Philadelphia Art Collector Challenges Black Artists Prices

By Cheryl McGinnis

  • Dr. Barnes owned 3 Horace Pippin pieces
  • Pippin’s work is about the atrocities and social injustices of slavery in America

The Barnes collection in the city of brotherly love is home to one of the greatest groups of impressionists, including art from Renoir, Matisse and Picasso. Dr. Albert C. Barnes curated his collection from 1912-1951 and includes important pieces of African art.

Why This Matters: While Dr. Barnes did amass an envious collection, that included African art and artifacts and Native American pottery and jewelry, was he really was committed to African American artists? It seems that a man who had “deep holdings” of important artists, was woefully short on black artists within the region of Pennsylvania and the U.S. in general.  

So much of Pippin’s work is about the atrocities and social injustices of slavery in America. He was a self-taught artist and upon some research, I learned Barnes did indeed love Pippin’s work and considered himself a champion of the artist. Barnes went so far as to write the first essay about Pippin when his work was shown in a Philadelphia gallery.  

There are three Horace Pippin pieces which were displayed high up on the walls of the museum, even with their more obscure placement, they are show stoppers. I know Pippin’s work from my own career in curating, dealing and education.  Also, I felt so connected to this artist, as though we have stood on the same soil and shared a vision of America. Isn’t that what art is supposed to do, help us find a connection through cultures, time and space? To view a Pippin is to view his experience of America at the moment in which he painted it.  It is a history that the artist tells, not the ideals of sanitized books, written by historians.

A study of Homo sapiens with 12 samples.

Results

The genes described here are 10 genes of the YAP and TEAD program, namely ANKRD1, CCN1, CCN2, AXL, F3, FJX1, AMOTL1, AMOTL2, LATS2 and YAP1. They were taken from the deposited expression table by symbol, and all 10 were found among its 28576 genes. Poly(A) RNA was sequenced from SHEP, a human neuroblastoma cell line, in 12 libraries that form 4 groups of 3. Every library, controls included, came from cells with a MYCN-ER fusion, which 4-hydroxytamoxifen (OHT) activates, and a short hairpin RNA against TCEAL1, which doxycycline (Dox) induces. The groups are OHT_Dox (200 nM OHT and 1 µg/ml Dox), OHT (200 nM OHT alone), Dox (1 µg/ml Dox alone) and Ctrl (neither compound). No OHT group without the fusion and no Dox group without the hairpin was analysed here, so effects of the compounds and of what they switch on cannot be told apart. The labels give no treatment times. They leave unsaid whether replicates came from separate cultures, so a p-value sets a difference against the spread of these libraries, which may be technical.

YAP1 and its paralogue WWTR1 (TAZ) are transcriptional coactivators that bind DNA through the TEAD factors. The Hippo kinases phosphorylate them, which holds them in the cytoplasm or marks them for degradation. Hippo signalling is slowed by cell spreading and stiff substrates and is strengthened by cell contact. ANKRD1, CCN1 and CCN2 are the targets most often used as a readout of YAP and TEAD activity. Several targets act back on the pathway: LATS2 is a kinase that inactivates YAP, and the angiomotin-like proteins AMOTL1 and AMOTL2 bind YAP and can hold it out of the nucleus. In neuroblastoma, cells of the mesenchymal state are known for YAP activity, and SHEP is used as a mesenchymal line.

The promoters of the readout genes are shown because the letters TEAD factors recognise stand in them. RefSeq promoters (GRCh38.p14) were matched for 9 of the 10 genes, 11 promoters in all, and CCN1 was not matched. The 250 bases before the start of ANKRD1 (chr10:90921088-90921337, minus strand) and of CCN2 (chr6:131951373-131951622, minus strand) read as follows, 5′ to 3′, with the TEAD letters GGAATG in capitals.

So why doesn’t Dr. Barnes own more?  A few years after Pippin gained success in the art market, his dealer raised the prices of his work. When Dr. Barnes wanted to acquire more, he was  informed the prices had been raised and he refused to buy more pieces of Pippin’s work.

Situational Awareness: As I was going live for my Facebook smART stART show, I wondered did Dr. Barnes stop buying Renoir, Picasso, Cezanne or Matisse as their works appreciated over the four decades he was collecting.  A Horace Pippin at the time, even with prices raised, was a fraction and still is, of a European Old Master. We are only just beginning in 2018 to see some inclusion and appropriate remuneration for artists of color at American museums.